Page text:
The following is the Dec. 11, 2017 U.S. Strategic Readiness Review released by Secretary of the Navy Richard V. Spencer. The study was launched after two fatal collisions in the Western Pacific between warships and merchant ships that killed 17 sailors.

From the Report:

The U.S. Navy is without question the most capable in the world but its primacy is being challenged as it sails into a security environment not seen since before the collapse of the Soviet Union. Another era of sustained peer-on-peer competition has arrived and failing to recognize and prepare for its very different challenges will have severe consequences. Even in a non-peer-on-peer environment, the Navy and the nation can ill afford the readiness deficiencies revealed in the recent ship-handling incidents in the Pacific. These deficiencies are of profound consequence. While the shipboard causes that led to those tragic events have been identified, this Strategic Review finds there are institutional deficiencies that have developed over decades that must now be addressed.

Many of these deficiencies have been observed and authoritatively documented for years, however the naval capacity that had been built up for the Cold War masked their impact. That past margin in ships, aircraft, and sailors enabled the Navy to make mitigating adjustments in fleet operations, training, maintenance, and funding to accomplish assigned missions. Today, those margins are long gone. A smaller fleet with fewer sailors is straining to meet the operational demands placed upon it. This Strategic Review examines the long degradation of readiness and recognizes that improvements in readiness will not happen overnight – they will require sustained focus, commitment, and funding. This Strategic Review also recognizes that necessary improvements can only occur with the concerted leadership of the Secretary of the Navy, the Chief of Naval Operations and the support of the Secretary of Defense, Congress, and the American public.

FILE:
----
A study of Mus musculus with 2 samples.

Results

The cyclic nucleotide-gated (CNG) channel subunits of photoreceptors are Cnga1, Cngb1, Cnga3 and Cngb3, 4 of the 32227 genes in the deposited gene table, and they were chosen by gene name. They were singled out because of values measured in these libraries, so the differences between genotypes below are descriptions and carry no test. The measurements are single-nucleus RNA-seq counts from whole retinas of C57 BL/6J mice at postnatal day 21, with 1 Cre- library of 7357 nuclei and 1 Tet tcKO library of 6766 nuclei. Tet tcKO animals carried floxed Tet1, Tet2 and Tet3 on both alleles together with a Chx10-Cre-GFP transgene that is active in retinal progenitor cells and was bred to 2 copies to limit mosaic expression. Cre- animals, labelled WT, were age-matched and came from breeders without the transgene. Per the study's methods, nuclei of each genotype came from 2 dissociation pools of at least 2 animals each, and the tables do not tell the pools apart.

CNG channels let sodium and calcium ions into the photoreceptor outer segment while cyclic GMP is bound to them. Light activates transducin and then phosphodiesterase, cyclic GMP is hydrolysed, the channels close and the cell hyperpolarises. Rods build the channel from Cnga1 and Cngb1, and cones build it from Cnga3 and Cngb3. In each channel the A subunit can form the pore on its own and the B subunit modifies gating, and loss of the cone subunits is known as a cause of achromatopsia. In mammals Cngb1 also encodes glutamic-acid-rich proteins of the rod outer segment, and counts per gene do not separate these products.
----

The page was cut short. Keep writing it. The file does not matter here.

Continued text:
The Navy assesses capability and capacity in the context of the number of capital assets, manning and training, equipping and maintaining, command and control, and operations. Those factors that drive readiness are all interrelated in a complex system-of-systems governed by regulations, policies, and processes that play out and act upon each other over time.

via fas.org

  • proudrino

    Very disappointing report. Instead of addressing the problems of today’s Navy the authors have blame-shifted to suggest that these problems date back to the Reagan era…. they do not. This “review” is nothing more than senior-level individuals standing around and admiring the problems while being very careful not to hold anybody too much to account for the current situation by making it into a three-decade long journey that has led to this point.

    Where is the corrective action? Where is the commitment for changing the system so that officers are capable of transiting the world’s waterways without running into slow-moving merchants or grounding themselves by sheer incompetence?

    Secretary Spencer and his senior leaders are not serious about fixing the Navy’s surface deficiencies.

    • incredulous1

      But not surprising in the least. The public displays of incompetence are only the tip of the iceberg of several seasons of neglect. I hope it was the low point already when the Chinese Foreign Ministry and PLAN said that the “US Navy was a hazard to navigation.” Were I CINC, that would have triggered relieving the CNO and those in charge of training and shaken everyone up to that fact that we never know when war is coming and we are the least ready in many many decades and our adversaries know this too well. Outgrowth of Obama’s plan is that the POTUS has far fewer options and diplomatic muscle if the world knows we are week. This is not acceptable no matter what your political leanings might be. The world counts on a strong US Navy.